Developing A ‘Meat Guide’ That Shows Environmental Impacts
Consumers are increasingly seeking to reduce their impacts on the environment by purchasing food produced using sustainable and environmentally friendly methods. But, various labels exist such as “natural,” “fair trade,” and “organic.” This can make it difficult for consumers to identify which products are best for the environment. This paper, published in Journal of Cleaner Production, reports on the creation of a draft guide to better assist Swedish consumers, as well as retail stores, in making less environmentally harmful meat choices.
The research team developed the guide primarily through in-team discussions. They then distributed the guide to trade organizations, NGO’s, and researchers. The authors decided to target “interested consumers.” These are people who are interested in learning about the environmental impacts of meat production and open to making changes based on what they learn. The authors also targeted retail stores that sell meat.
The authors wanted the guide to present complex science-based information in a way that could be easily understood by consumers. They therefore used a “traffic light system” of labelling. This involved assigning green, yellow, and red lights to various impact categories so consumers could easily compare different products. The products included various types of meat items and meat alternatives. The categories of the “traffic light system” included the following:
- Carbon Footprint: this criterion concerned the life cycle assessment of the greenhouse gas emissions from all stages of production. A green light indicated products with a carbon footprint (CF) of less than 4 kg CO2-equivalent/kg of product. It included plant-based products, eggs, and chicken. A yellow light indicated products with a CF from 4–14 kg CO2-equivalent/kg of product. It included pork and cheese. A red light indicated products with more than l4 kg CO2-equivalent/kg of product. This included beef and lamb.
- Biodiversity: this broad criterion aimed to gauge a product’s impact on species richness when land is transformed. A green light indicated meat from production systems that help to conserve semi-natural pastures through grazing and/or that require less than 5 square meters of land per year per kg edible product. This included plant-based protein and eggs. A yellow light indicated organic production systems and/or systems that do not use imported soy as animal feed. A red light indicated all other systems.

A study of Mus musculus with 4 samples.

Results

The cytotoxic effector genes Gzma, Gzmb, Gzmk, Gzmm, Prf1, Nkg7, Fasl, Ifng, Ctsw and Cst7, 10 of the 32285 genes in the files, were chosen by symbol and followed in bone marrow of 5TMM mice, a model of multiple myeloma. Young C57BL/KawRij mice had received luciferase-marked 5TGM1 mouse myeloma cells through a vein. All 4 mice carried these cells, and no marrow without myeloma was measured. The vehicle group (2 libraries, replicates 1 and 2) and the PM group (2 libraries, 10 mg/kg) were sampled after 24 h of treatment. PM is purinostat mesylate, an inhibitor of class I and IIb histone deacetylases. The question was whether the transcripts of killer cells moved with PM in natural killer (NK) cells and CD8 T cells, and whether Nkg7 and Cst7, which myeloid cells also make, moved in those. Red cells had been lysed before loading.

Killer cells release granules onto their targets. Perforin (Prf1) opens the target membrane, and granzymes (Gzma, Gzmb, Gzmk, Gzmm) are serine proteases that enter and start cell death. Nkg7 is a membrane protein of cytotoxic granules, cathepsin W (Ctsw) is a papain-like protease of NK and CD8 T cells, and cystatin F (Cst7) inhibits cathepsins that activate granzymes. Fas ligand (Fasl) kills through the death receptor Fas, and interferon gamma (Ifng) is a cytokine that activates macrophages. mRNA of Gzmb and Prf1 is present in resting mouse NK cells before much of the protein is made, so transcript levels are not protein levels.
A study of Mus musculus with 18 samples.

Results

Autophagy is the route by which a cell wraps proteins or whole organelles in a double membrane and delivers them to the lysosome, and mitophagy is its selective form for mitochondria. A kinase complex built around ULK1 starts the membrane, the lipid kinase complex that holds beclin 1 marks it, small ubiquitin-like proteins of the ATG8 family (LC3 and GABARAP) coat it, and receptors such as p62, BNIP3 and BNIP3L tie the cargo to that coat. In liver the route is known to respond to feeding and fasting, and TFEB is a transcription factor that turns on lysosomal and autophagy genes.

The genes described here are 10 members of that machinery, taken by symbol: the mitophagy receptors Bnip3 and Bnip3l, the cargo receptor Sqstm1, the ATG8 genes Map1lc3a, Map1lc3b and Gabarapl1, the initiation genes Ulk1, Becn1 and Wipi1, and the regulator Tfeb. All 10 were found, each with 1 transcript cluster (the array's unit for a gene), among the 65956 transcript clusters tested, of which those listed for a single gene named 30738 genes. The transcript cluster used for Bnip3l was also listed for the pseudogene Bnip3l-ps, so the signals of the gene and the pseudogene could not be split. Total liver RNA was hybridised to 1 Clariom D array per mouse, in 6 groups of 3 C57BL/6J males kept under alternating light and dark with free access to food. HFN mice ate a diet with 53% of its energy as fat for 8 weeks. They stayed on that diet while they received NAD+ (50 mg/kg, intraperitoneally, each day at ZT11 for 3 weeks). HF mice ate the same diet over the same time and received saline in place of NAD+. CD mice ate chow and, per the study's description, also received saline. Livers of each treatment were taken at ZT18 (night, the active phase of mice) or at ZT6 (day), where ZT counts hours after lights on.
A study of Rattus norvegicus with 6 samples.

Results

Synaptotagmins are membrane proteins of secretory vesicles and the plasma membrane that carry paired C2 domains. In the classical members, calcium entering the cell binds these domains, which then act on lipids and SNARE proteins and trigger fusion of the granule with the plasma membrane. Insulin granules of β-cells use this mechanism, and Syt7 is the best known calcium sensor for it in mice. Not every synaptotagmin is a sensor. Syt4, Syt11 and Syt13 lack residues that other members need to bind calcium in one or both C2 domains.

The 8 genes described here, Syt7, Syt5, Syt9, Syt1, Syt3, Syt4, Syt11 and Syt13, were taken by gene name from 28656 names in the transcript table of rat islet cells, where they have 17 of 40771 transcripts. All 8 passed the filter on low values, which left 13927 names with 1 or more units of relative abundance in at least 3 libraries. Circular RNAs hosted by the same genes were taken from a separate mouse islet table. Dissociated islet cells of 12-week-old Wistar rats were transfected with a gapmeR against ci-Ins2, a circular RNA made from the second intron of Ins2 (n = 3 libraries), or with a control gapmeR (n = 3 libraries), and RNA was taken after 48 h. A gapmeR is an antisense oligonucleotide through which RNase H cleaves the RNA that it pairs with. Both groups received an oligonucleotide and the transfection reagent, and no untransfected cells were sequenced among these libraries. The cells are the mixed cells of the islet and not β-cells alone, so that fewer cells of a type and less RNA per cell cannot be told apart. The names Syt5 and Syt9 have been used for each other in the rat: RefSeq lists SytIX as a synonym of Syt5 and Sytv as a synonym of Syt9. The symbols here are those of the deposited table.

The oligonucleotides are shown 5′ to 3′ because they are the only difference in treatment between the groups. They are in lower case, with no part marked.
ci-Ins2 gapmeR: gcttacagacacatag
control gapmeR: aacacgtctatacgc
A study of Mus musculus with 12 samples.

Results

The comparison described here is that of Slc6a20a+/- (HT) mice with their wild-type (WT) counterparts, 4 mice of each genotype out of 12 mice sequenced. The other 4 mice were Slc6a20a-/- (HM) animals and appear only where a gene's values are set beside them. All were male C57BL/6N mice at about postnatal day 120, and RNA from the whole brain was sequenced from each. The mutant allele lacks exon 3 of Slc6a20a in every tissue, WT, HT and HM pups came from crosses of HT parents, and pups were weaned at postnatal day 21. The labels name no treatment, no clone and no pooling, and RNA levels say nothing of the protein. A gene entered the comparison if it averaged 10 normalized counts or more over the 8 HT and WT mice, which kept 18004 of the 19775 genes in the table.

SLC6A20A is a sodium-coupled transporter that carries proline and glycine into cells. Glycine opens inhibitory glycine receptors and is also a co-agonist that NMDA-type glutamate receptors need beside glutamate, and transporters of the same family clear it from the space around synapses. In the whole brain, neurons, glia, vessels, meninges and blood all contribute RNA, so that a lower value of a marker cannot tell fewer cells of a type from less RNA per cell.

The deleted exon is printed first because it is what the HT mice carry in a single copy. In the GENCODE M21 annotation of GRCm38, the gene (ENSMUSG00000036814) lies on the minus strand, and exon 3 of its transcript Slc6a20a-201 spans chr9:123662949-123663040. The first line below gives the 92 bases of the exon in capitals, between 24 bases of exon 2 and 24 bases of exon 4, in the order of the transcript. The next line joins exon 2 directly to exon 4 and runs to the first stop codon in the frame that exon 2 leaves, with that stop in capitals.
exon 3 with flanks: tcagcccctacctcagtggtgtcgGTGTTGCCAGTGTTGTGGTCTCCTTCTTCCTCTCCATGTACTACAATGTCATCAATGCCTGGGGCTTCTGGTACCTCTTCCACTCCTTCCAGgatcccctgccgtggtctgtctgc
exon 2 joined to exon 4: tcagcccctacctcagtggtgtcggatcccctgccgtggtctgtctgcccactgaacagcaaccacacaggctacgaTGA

- Pesticides: this criterion assessed the amount and type of pesticide used in various production systems. A green light indicated production from systems using very few synthetic pesticides, such as organic systems. A yellow light indicated systems using less than 1.5 kg synthetic pesticides per kg of edible product. A red light indicated all other systems, including most chicken and pork.
- Animal Welfare: this criterion centered on the Five Freedoms as well as consultations with animal welfare experts. A green light indicated systems in which animals are kept according to Swedish animal welfare legislation (which mandates the first four freedoms), have access to outdoor pasture, and are stunned before slaughter. A yellow light indicated systems either covered by Swedish regulations or in which animals graze outdoors for at least half of the year. A red light indicated all other systems.
Overall, the authors note that “the meat guide gives no clear answer on which meat is preferable across species.” This is because different types of meat product from different systems receive mixed scores on the four criteria. But, they do identify trends showing that “meat from ruminants suffers from high CF, while pork and chicken meat suffers from a high impact on biodiversity and high pesticide use.”
Finally, in addition to discussing several limitations in data collection and use, the authors suggest that the guide may actually be most useful not for consumers but for “influential professionals in the retail and restaurant sector and in public procurement.” This is because they are more likely to understand the information and able to influence purchasing decisions.
An updated guide is available for download (in Swedish only, with the addition of an antibiotic use criterion and cheese and eggs food product categories). For advocates, the guide offers a useful comparison on the various impacts of meat production systems on the environment and animals. It also shows in an accessible way that vegetable-based sources of protein, including legumes and tofu, have less harmful effects on the environment than meat products. This is because all vegetable-based products in the guide receive either green or yellow lights.